Combat hypertension naturally with these helpful foods and supplements
About one out of every three US adults has high blood pressure—and around 25 percent of them don’t even know it. In most cases, the exact cause isn’t known, but it’s generally agreed that dietary sodium is one of the villains. “People concentrate on sodium,” says Mark Houston, MD, director of the Hypertension Institute in Nashville. “But it’s also important to look at the ratio of sodium to potassium. Even if you have a high sodium intake, you could negate some of that by having a high intake of potassium. A diet high in potassium—as well as magnesium, another important nutrient—may improve blood pressure and reduce coronary artery disease and stroke.”
And what foods are highest in potassium and magnesium? Fruits and vegetables of course. Here are some of the best:
Swiss chard: One of the best-kept secrets in the vegetable world, this nutrient heavyweight delivers 961 mg of potassium and 150 mg of magnesium per cup.
Bananas: One medium banana contains about 422 mg of potassium and 32 mg of magnesium. Added bonus: that same banana has more than 3 g of fiber.
Spinach: One cup of this nutrient-rich superfood contains 839 mg of potassium and more than 150 mg of magnesium.
Orange juice: One cup of orange juice features 496 mg of potassium (more than a whole banana).
Dried apricots: Dried apricots contain 1,100 mg of potassium per half cup. But don’t overdo. They’re high in calories.
Yams: A cup of cubed, cooked yams has 911 mg of potassium, making it one of the best vegetable sources available.
Avocados: Don’t avoid these gems because of the fat, most of which is the same heart-healthy type found in olive oil. A single avocado contains between 690 mg (for the California variety) and 1,067 mg (for the Florida variety) of potassium.
Cantaloupe: One quarter of a medium cantaloupe contains 368 mg of potassium, not to mention a significant amount of vitamin A and beta-carotene.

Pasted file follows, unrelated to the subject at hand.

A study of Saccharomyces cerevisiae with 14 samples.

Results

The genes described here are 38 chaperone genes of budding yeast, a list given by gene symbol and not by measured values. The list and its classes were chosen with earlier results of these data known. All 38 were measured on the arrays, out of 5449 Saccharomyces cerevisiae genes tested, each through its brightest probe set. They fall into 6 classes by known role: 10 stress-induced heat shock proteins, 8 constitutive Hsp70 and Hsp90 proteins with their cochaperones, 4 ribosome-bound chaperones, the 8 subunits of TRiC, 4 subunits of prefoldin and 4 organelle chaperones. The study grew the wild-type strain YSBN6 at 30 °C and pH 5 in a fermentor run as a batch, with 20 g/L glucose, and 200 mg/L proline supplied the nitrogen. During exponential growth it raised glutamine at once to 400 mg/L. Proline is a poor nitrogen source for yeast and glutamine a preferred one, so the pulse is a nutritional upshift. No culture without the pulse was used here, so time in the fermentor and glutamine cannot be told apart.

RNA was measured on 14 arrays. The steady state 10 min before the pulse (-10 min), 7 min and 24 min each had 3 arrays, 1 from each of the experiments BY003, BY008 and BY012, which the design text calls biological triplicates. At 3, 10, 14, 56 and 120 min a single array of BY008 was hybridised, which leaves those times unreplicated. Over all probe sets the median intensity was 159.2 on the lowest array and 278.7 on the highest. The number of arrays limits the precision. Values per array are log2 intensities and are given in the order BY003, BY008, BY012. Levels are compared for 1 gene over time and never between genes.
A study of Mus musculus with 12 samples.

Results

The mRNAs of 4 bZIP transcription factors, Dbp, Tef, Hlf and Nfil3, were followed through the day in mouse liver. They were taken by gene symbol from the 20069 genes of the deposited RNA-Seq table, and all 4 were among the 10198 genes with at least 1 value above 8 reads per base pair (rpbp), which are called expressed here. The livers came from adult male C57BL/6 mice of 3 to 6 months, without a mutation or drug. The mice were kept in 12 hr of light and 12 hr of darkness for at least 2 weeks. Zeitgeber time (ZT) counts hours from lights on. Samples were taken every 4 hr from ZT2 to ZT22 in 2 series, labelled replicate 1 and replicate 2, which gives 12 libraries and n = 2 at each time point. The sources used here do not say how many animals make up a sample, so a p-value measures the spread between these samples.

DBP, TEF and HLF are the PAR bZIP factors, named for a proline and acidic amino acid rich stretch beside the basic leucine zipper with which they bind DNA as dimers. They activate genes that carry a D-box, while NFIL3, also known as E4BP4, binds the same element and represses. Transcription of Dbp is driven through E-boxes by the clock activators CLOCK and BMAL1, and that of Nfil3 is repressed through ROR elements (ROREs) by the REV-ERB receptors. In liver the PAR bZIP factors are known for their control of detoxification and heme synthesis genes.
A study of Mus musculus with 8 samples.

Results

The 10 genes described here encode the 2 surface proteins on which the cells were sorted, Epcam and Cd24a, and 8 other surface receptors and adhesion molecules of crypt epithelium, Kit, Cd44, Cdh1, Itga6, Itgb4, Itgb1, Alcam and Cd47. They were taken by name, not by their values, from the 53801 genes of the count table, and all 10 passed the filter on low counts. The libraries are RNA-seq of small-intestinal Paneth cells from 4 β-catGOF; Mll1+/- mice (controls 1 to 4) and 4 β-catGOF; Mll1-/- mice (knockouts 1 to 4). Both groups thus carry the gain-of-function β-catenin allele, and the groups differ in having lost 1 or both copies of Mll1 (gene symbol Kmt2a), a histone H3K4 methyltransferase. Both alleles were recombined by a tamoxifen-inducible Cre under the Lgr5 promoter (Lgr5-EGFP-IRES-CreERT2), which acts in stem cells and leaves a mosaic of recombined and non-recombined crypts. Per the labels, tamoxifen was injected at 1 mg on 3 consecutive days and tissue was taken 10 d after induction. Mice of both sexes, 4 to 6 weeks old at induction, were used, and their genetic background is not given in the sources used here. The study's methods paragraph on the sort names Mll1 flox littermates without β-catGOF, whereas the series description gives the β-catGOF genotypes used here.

Figs: A half-cup of figs delivers 381 mg of potassium. Bonus: they’re also high in fiber (more than 5 g per half cup).
Peaches: One large peach contains about 322 mg of potassium.
Beans: Beans are bursting with potassium, and it almost doesn’t matter which kind you get. Per cup, kidney beans contain 717 mg (with 74 mg of magnesium), black beans have 611 mg (and 120 mg of magnesium), chickpeas have 477 mg (with 79 mg of magnesium), and the less well-known azuki beans top the list with a whopping 1,224 mg of potassium (and 120 mg of magnesium).
Kale: One cup of chopped raw kale contains only 34 calories, yet it delivers 299 mg of potassium (as well as 80 mg of vitamin C).
While this list represents an all-star group of blood-pressure lowering foods, there are plenty of others that can help get you to your ideal goal of 4,700 mg of potassium per day. Three pitted prunes, one kiwi, or a cup of broccoli each deliver about 250 mg of potassium; a medium apple provides 195 mg; and even a small 1.5-ounce box of raisins chips in 322 mg.
Some foods help lower blood pressure through mechanisms other than their potassium content.
Celery has been recommended in traditional Chinese medicine for centuries to treat high blood pressure, and experimental evidence has confirmed its usefulness. In one University of Chicago Medical Center study, lab animals injected with an extract equivalent to 4 stalks of celery had a decrease in blood pressure of 12—14 percent.
Garlic also has a positive effect on blood pressure. A number of analyses have concluded that garlic can modestly reduce blood pressure by 2—7 percent after four weeks, and a review article in The Journal of Clinical Hypertension called garlic “an agent with some evidence of benefit” in reducing high blood pressure.
Beet juice contains nitrate, a gas that is converted into nitric oxide in the body. Nitric oxide, in turn, relaxes muscles in the walls of the blood vessels, and this causes the blood vessels to dilate, which allows for increased blood flow. Research conducted at Queen Mary University of London found that high blood pressure returned to normal levels when test subjects were given 2 cups of beet juice per day.
Studies have shown that compounds in brown rice protect against hypertension by blocking an enzyme (angiotensin ll) that increases blood pressure. Whey protein powder has also been found to lower blood pressure in those with hypertension (but to have no effect on those with normal blood pressure).
In addition to diet, patients at the Hypertension Institute in Nashville take a range of supplements. Though all are important, Mark Houston, MD, emphasizes three:
- Vitamin D. “Vitamin D is very important in blood pressure control due to its effect on renin, a hormone that controls blood pressure. If vitamin D is low, renin is increased and this causes the arteries to constrict and increase the blood pressure.”
- Omega-3 fatty acids: “They increase nitric oxide, a substance that opens up blood vessels—and they improve the elasticity of the arteries.” Take 5 g per day from flax oil or 1,000 mg EPA from fish oil per day.
- Resveratrol: “Resveratrol also increases nitric oxide. Plus, it lowers arterial stiffness and slows vascular aging.” Take 100—200 mg per day.
The full supplement program from the Hypertension Institute is outlined in Houston’s excellent book, What Your Doctor May Not Tell You About Hypertension.